When it comes to building custom switchboards and supplying power solutions for your next project, safety should always be the number one priority.
To ensure switchboard safety, periodic testing is essential to check for hots spots and faults, but safety starts well before technological devices come into use.
Below are the steps you need to take to protect your staff and ensure your switchboard is functioning at optimum level.
Check for faults and damage
The first step after you’ve received your switchboard is to check what has been delivered against the inventory list. If anything is missing, or you notice damage, you should flag this immediately to minimise risk.
Staff should not be permitted near a live or inactive switchboard without the appropriate operational and safety training. Its imperative that personnel working around live parts have protection. All necessary measures should be put in place to prevent individuals coming into accidental contact with any part of the switchboard.
Treat all connections as live
When taking precautions to protect staff from coming into contact with live circuits, every connection should be treated as energised until it has been fully assessed by accredited professional who can confirm the circuits in question are dead. When working on parts of a switchboard that carry electrical current, its essential to make sure these sections have been disconnected from the system before commencing work.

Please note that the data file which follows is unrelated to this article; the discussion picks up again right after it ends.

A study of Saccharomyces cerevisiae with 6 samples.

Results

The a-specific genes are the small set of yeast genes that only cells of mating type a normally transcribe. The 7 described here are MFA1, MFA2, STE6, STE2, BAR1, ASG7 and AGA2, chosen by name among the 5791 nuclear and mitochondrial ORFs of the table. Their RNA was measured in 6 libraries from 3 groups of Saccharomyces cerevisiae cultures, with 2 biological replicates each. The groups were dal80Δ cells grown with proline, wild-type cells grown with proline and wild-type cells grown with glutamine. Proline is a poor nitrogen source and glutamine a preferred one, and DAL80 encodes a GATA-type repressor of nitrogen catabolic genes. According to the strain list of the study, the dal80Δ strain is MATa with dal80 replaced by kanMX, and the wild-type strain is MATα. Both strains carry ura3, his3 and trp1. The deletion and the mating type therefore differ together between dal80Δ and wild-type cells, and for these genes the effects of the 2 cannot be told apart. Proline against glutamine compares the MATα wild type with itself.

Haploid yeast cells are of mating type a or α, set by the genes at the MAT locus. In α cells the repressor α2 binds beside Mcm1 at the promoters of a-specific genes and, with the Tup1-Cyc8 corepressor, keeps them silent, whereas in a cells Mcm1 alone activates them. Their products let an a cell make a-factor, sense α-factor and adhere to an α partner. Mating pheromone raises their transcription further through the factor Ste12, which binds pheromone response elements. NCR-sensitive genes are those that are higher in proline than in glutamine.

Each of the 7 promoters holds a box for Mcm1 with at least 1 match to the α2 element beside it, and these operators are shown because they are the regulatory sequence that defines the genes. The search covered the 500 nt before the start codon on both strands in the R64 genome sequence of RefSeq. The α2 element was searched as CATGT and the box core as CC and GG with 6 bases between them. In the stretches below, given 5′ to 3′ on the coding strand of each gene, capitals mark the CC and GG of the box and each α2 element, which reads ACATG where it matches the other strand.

Keep detailed records
Maintaining your machinery in optimal condition is much easier with a maintenance schedule in place. Regular maintenance will prevent a sudden breakdown which can be very costly and time consuming.
By looking after your switchboard, you will extend its lifecycle, and reduce the need for replacement parts and expensive repairs. You will be in a position to detect faults and operating issues before they turn into failures. A machine which is operating efficiently also uses less power.
Your maintenance checklist should include the following:
· Records of installed switchboards and related maintenance plans.
· A list of equipment and components, replaced or renewed parts and accompanying blueprints.
· Detailed accounts of inspections made during testing and all changes made.
· A record of all previous inspections, including testing results and maintenance plans.
When it comes to safety you need to be proactive not reactive. Keeping detailed records and maintenance checklists will protect everyone working with or around the switchboard.
Be aware of damaging conditions
Regular maintenance of your switchboard can prevent sudden breakdowns, but there are conditions you should be aware of which may lead to unexpected failure. These include:
· High temperatures and humidity
· Corrosive atmospheres
· Excessive dirt and dust in the environment.
By being attuned to the conditions that can cause electrical equipment to fail more frequently you can assess your surroundings and design a maintenance schedule to address these issues.